Green Bay Packers coach Mike McCarthy is more worried about his team's health and performance in close games than with his relationship with his quarterback.
While McCarthy wasn't asked Monday about his sideline clash with Aaron Rodgers, the coach did acknowledge concern with the Packers' rash of hamstring injuries and troubling trend of close losses.
At 1-2 following Sunday's 34-30 loss in Cincinnati, the Packers are 21-24 in games decided by eight points or fewer since 2008, when Rodgers became the starting quarterback. The Packers are 6-18 in games decided by four points or fewer with McCarthy as the coach and Rodgers as the quarterback.
"We have examined it. We looked at it in the offseason," McCarthy said. "But I think you have to be very careful when you take studies that have a lot of different teams, different circumstances, different variables, players involved. Let's be honest. (Sunday's) game was one of those different games. The way it started, the way the second, third quarter went, some of the officiating, some of the injuries, there's a lot that goes on there."
The Packers started the game in a 14-0 hole after the Bengals scored on their opening possession and return man Jeremy Ross fumbled the ensuing kickoff to set up another touchdown. On Monday, the Packers cut Ross, who also muffed a punt to set up a momentum-shifting touchdown in their NFC playoff loss to San Francisco in January.
"Jeremy was a very good professional when he was here and we appreciated his hard work," special teams coordinator Shawn Slocum said, adding that the coaches haven't decided how they'll replace Ross on returns. "What happened to him yesterday was unfortunate and we've got to be better than that."
After that 14-point deficit, Green Bay forced four turnovers and scored 30 straight points to take a 30-14 lead before the game turned on rookie running back Johnathan Franklin's fourth-and-inches fumble, which the Bengals returned for the go-ahead touchdown.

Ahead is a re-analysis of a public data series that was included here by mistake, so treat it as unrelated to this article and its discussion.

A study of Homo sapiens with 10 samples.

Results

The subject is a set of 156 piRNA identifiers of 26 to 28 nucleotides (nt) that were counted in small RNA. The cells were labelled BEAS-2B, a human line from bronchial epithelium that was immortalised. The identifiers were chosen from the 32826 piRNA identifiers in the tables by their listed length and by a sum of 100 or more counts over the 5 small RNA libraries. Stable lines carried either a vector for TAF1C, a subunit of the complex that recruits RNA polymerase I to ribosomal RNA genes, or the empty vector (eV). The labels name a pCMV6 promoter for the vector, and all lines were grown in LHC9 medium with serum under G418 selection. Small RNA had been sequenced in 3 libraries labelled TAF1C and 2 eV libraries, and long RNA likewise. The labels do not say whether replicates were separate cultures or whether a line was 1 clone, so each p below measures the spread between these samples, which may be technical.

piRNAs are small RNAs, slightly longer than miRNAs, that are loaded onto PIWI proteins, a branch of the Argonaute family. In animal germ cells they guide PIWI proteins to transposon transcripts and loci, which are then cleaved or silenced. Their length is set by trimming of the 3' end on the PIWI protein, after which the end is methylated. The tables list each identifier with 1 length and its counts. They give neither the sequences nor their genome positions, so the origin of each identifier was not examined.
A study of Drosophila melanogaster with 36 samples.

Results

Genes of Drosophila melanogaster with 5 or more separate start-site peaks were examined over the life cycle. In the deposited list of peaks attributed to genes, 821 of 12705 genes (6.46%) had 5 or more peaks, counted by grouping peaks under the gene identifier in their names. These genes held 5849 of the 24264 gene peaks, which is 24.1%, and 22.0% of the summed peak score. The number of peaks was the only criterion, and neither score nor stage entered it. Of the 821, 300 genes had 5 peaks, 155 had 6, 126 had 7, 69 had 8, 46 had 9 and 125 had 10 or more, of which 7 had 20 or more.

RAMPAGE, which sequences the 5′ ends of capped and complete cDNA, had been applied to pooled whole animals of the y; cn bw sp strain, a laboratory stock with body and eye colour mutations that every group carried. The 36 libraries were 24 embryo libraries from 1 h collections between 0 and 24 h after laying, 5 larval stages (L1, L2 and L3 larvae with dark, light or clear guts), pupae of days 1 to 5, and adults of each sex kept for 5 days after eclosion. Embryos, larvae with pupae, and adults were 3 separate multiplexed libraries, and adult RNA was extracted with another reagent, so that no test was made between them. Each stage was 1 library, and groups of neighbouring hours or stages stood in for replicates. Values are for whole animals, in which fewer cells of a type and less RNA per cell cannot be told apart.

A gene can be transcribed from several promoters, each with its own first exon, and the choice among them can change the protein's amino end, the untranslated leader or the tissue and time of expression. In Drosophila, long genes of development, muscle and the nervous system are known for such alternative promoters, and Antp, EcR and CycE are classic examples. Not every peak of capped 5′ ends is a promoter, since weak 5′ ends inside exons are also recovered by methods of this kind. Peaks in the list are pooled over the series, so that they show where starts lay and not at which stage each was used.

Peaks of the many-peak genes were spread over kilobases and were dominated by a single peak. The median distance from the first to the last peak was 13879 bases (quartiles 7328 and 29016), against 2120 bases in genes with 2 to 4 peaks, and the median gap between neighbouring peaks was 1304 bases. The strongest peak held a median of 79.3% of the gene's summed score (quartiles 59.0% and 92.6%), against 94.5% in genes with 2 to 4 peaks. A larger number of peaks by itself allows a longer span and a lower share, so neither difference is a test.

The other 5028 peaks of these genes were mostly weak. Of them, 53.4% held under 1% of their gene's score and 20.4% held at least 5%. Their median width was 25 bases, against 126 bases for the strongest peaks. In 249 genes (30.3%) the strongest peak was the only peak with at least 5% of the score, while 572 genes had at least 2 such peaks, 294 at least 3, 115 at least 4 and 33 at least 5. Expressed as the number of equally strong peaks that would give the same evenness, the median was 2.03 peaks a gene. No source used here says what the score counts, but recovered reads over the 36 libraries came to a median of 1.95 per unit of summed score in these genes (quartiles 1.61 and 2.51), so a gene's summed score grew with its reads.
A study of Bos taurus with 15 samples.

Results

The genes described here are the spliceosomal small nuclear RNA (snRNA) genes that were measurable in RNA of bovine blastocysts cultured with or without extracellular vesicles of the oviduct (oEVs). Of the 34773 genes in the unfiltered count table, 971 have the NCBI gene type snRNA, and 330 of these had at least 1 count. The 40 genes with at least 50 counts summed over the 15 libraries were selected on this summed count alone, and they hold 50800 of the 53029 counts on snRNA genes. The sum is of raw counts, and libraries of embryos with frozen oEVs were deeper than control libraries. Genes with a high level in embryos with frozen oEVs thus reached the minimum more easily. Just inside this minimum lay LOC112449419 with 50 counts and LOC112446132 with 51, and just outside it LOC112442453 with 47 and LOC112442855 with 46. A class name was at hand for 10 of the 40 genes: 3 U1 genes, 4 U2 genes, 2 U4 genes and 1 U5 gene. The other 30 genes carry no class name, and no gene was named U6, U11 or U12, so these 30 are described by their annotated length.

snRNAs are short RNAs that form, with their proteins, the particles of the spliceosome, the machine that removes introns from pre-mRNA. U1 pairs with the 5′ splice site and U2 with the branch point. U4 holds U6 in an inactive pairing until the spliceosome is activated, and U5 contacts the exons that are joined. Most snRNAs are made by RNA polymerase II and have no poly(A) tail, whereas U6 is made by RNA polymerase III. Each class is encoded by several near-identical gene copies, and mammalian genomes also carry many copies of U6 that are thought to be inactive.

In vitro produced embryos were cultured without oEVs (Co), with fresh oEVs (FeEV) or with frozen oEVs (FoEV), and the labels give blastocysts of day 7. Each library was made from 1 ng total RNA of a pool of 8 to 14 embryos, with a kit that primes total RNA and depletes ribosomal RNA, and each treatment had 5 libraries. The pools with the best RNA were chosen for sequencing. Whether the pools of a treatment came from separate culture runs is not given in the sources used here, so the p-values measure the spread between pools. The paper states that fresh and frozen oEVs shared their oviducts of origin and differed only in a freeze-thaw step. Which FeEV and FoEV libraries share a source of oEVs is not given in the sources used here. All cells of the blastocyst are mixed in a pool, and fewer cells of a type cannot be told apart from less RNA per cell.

"We feel like we're in tune with what we need to work on and the things we need to get better at," McCarthy said.
McCarthy also acknowledged that a recent spate of hamstring injuries is worrisome. Outside linebacker Clay Matthews, who has a history of hamstring injuries, left Sunday's game with one. The Packers have also been without starting safety Morgan Burnett and cornerback Casey Hayward for the first three games, while fullback John Kuhn missed Sunday's game as well.
"It's definitely a valid question," McCarthy said before cracking a joke about the "Wisconsin diet" being a factor. "Every injury's different. That's why the trainers and the strength and conditioning staff view each and every injury on film. Today's athlete, I know particularly, our football team, these guys do a great job of taking care of themselves. You factor everything in. You try not to overreact to the numbers and just stay true to the specifics. Do I have an answer for you? No."
The Packers also lost running back James Starks to a knee injury and tight end Jermichael Finley to a concussion Sunday. Franklin missed time late in the game with a foot injury, which temporarily left the Packers without a healthy running back with starter Eddie Lacy inactive with the concussion he suffered the previous week against Washington.
McCarthy wasn't asked during an 11-minute, 28-second press briefing about his sideline disagreement with Rodgers, which was caught by Fox Sports' cameras. The argument occurred after Rodgers appeared displeased with the play-calling during a sequence in which the Packers settled for a 19-yard field goal. The two argued on the sideline and it appeared defensive tackle B.J. Raji and wide receiver Randall Cobb tried to calm both men down before things escalated.
McCarthy said after the game that Rodgers was frustrated by a play call.
"He's competitive, man," McCarthy said Sunday. "That's what I love about him. I didn't really think it was that big of a deal, frankly."
Rodgers said after the game that the two talked afterward and moved on. After going 41 consecutive regular-season games without throwing two interceptions in a game — the longest such streak since the 1970 AFL-NFL merger — Rodgers threw a pair of interceptions during the second half Sunday and had his lowest passer rating (64.5) since the 2010 NFC Championship game against Chicago.
"We're both passionate about the game and competitive. We want to win very badly," Rodgers said. "I went over and talked to him after that and just got on the same page. We needed to talk and we did and we moved on."